Work wraps up on COVID-19 overflow center at State Fair Park (UPDATE)

More than 200 union tradespeople worked on the project, which entailed the installation of 500 hospital beds, temporary restrooms, dressing rooms and showers in one of the fairground’s exhibition halls. State and local officials enlisted the Army Corps of Engineers for the project, which is meant to give COVID-19 patients with relatively mild symptoms have a place to recover while hospital space is being reserved for people with the worst cases.

More than 200 union tradespeople worked on the project, which entailed the installation of 500 hospital beds, temporary restrooms, dressing rooms and showers in one of the fairground’s exhibition halls. State and local officials enlisted the Army Corps of Engineers for the project, which is meant to give COVID-19 patients with relatively mild symptoms have a place to recover while hospital space is being reserved for people with the worst cases.

Gov. Tony Evers is officially announcing the opening of a center at State Fair Park of a center to treat patients suffering from relatively mild cases of COVID-19.

In an executive order released on Thursday, Evers and Andrea Palm, secretary-designee of the Department of Health Services, said the so-called Alternative Care Facility will begin accepting overflow patients from local hospitals and clinics. A primary goal of the project is to make sure precious hospital space remains open for the people suffering from the most serious cases of COVID-19.

State local and officials enlisted the Army Corps Engineers for the construction of the center, which entailed the installation of 500 hospital beds, temporary restrooms, dressing rooms and showers in one of the fairground’s exhibition halls. The actual work was undertaken by various contractors, including Gilbane, HGA Architects and Engineers, Johnson Controls, Staff Electric, J. F. Ahern and Hetzel-Sanfilippo.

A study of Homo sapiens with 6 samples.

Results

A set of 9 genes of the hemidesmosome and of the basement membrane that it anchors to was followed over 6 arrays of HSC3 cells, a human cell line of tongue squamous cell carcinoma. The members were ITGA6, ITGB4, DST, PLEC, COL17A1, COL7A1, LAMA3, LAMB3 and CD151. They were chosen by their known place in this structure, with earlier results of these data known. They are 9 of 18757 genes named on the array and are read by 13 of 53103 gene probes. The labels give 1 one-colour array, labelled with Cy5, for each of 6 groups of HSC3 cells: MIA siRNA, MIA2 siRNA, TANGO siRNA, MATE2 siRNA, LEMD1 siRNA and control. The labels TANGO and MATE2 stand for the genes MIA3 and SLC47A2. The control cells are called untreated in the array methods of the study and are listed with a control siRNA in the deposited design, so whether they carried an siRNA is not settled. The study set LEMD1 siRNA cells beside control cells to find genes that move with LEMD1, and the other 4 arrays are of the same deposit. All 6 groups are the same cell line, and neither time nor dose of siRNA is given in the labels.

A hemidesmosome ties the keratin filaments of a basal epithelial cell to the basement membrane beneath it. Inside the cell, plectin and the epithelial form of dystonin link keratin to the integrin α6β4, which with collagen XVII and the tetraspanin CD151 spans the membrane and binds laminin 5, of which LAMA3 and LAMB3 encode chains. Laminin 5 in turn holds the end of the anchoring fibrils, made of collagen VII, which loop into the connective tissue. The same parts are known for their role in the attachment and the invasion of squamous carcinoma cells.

Brian Nord, a member of Local 161 of the North Central States Regional Council of Carpenters and employee of Riley construction, works recently on a treatment unit at the recently built COVID-19 overflow center built at State Fair Park in West Allis.

Brian Nord, a member of Local 161 of the North Central States Regional Council of Carpenters and employee of Riley construction, works recently on a treatment unit at the recently built COVID-19 overflow center built at State Fair Park in West Allis.

More than 200 union tradespeople worked on the center, according to a press release from Local 161 of North Central State Regional Council of Carpenters. Crews came in on two shifts, one running from 5 a.m. to 5 p.m. and the other from 5 p.m. to 5 a.m. Most carpenters on the project worked for Hetzlel-Sanfilippo, which in turn enlisted Olympic Co., Riley Construction and VJS Construction Services to help complete the work on time.

“I want to thank all of the individuals and organizations who have worked tirelessly over the past few weeks to not only construct a temporary medical facility, but to also bring on board dozens of healthcare professionals who will care for the patients at the ACF,” Evers said in a statement.

The governor’s executive order lays out strict criteria for when hospitals and clinics can move patients to the Alternative Care Facility. Transfers can occur only when health care institutions have reached 80% of their capacity in places where beds have been added to treat COVID-19 patients or people who have been displaced by COVID-19 patients.

The center will be run by the state’s Department of Administration along with a team of health professionals. Officials there will oversee emergency medical services, ambulance transports, electronic medical records, laboratory services and pharmaceutical supplies and services.

By Wednesday, 246 people in Wisconsin had died from the coronavirus and more than 4,800 had tested positive.